The Sleeper

In 2015, Henry C Krempels was commissioned by VICE to write an article on the refugee crisis which was then at its peak. Now the artistic director of Anima Theatre Company, Krempels has adapted the experiences behind his article into a theatre piece, The Sleeper, currently playing in Edinburgh. Amena is a Syrian refugee travelling alone without ticket or passport on a sleeper train through Europe, Karina is a young, naïve British traveller and George is the French train guard. Through presenting the various reactions of these people to the discovery of Amena on board the train, including the responses of Amena herself, The Sleeper interrogates and challenges notions of placeless-ness, privilege and anonymity.

A thought-provoking study of people, belonging and the absence of place.

Krempels’s script is founded on a strong premise. As the drama progresses we witness alternative versions of the same event playing out on the stage. Each iteration sees Amena, Karina and George respond differently to their environment and circumstance, and each response brings to bear a different ethical pressure on the narrative. Then, in a clever twist, the action moves outside the sleeper train to a rehearsal room, and characters Amena, Karina and George become their real-life actors Aya Daghem, Michelle Fahrenheim and Joshua Jacob. In doing this, the alternative realities offered by the play become not just an exhibition of multiple situations but an active exploration of Western attitudes to immigration, as the rehearsal is clearly taking place in Britain. This draws out some of the play’s most telling moments. An improvised rehearsal exercise sees Daghem (here assuming the role of director) ask Fahrenheim, ‘So what are you, a saviour?’ following a particularly impassioned exchange between Fahrenheim and Jacob. This is a useful and politically-charged counterpoint to an earlier passage in which Daghem’s Amena tells Fahrenheim’s Karina, ‘I don’t want your help’.

This is a subtle idea, and has the potential to be brilliant in future developments of the play, but at present is not handled or structured clearly enough to be effective. The switch from linear narrative into simultaneous narratives happens too late and too abruptly to work; for a considerable while it is unclear what the aim of the disruption is other than simply to throw the audience off guard. This results in the closing third of the play appearing needlessly confusing, which is a shame considering that the project is otherwise very well put together. Dialogue too is intermittently weak – mostly engaging, there are nonetheless instances of speech becoming repetitive, a tricky pitfall to avoid given the nature of the production.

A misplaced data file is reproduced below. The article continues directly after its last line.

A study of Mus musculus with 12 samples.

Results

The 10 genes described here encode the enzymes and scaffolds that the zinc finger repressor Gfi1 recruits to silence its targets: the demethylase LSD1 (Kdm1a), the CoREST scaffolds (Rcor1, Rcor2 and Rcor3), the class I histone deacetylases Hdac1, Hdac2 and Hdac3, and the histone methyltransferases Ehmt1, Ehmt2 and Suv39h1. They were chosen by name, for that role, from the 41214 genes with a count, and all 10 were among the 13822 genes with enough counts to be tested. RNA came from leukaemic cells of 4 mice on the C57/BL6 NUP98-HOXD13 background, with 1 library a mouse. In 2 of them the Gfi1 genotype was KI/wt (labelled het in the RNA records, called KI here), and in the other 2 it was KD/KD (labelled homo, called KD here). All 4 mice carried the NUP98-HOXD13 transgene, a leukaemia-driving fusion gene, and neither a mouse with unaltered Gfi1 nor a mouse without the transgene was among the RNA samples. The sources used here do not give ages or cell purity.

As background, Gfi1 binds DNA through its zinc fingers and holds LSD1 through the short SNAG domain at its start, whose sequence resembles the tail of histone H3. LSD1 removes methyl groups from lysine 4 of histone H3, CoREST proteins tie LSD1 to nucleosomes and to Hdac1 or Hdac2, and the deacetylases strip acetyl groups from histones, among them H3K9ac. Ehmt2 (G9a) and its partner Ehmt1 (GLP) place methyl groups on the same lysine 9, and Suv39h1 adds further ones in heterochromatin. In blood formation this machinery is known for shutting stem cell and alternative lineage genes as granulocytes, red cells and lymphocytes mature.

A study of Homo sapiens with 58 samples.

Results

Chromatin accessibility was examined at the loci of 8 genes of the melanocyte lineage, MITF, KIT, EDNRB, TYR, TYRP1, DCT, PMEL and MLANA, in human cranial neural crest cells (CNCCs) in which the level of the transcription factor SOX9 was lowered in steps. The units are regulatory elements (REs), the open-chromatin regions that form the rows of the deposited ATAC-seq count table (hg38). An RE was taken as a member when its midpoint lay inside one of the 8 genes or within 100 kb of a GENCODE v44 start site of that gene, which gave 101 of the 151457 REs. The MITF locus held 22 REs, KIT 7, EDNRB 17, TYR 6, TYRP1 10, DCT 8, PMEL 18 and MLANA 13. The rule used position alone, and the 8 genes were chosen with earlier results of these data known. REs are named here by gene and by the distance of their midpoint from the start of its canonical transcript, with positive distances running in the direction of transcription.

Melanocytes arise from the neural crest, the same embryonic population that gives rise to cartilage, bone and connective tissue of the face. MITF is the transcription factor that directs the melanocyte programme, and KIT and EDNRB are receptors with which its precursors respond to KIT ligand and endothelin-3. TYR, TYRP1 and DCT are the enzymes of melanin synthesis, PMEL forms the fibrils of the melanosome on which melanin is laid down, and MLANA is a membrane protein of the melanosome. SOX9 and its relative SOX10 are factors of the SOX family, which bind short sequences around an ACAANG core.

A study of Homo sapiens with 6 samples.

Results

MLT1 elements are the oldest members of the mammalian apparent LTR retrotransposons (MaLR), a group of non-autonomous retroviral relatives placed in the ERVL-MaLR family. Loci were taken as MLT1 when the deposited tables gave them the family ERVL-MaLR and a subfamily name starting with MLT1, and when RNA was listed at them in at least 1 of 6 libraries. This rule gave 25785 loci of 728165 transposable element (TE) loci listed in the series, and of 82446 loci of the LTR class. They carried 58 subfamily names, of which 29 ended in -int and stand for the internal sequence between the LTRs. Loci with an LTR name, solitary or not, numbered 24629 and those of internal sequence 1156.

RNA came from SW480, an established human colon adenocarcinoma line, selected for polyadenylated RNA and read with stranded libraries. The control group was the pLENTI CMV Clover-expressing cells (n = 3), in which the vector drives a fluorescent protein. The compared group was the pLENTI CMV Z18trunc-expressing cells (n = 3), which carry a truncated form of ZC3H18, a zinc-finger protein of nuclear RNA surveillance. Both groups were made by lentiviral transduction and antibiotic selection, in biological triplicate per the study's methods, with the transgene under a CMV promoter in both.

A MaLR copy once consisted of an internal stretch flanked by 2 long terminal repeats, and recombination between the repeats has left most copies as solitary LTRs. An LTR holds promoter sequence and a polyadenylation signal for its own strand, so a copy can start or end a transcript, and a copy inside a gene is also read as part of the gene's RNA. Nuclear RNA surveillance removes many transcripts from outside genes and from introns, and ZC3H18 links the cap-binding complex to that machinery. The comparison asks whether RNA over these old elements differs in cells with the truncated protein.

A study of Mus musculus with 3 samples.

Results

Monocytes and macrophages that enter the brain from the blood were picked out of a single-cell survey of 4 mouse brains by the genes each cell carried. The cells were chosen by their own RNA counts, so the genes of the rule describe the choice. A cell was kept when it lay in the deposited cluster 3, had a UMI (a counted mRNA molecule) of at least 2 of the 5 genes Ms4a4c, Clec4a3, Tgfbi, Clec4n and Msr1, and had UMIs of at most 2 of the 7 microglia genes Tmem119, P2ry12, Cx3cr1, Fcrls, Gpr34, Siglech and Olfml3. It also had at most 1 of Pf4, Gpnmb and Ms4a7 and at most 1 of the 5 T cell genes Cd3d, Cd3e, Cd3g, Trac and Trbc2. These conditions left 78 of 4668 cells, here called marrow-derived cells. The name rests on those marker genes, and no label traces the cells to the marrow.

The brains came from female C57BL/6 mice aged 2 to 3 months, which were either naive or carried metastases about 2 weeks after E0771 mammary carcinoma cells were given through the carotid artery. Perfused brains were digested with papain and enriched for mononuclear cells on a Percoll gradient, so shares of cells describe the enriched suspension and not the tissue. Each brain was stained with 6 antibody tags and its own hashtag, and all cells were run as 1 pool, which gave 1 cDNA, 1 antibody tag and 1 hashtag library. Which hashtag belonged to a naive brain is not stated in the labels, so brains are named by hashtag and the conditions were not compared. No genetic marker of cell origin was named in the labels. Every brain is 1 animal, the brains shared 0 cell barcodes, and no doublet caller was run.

All three actors put in a stellar performance. Jacob is strangely captivating as the mysterious Frenchman, whose character is almost the voice of the European political subconscious. Fahrenheim, self-assured and good-hearted, controls her role as the site of internal conflict with flair. Lastly, Daghem is quietly brilliant as Amena; her monologues recalling her journey are some of the play’s best, and most distressing, moments.

Despite its structuring difficulties, The Sleeper manages to be a thought-provoking study of people, belonging and the absence of place.

Reviews by Sam Fulton


Location

The Blurb

Set on an overnight train somewhere through Europe, The Sleeper weaves together the real testimony of Syrian refugees and the personal experience of Henry C Krempels, who draws from his piece commissioned by Vice Magazine in 2015, at the height of the immigration crisis. The play describes a situation familiar to thousands of refugees over the past few years who have become stuck somewhere between leaving home and starting a new life, where anonymity rules and the less we reveal about ourselves the less obvious our differences will become.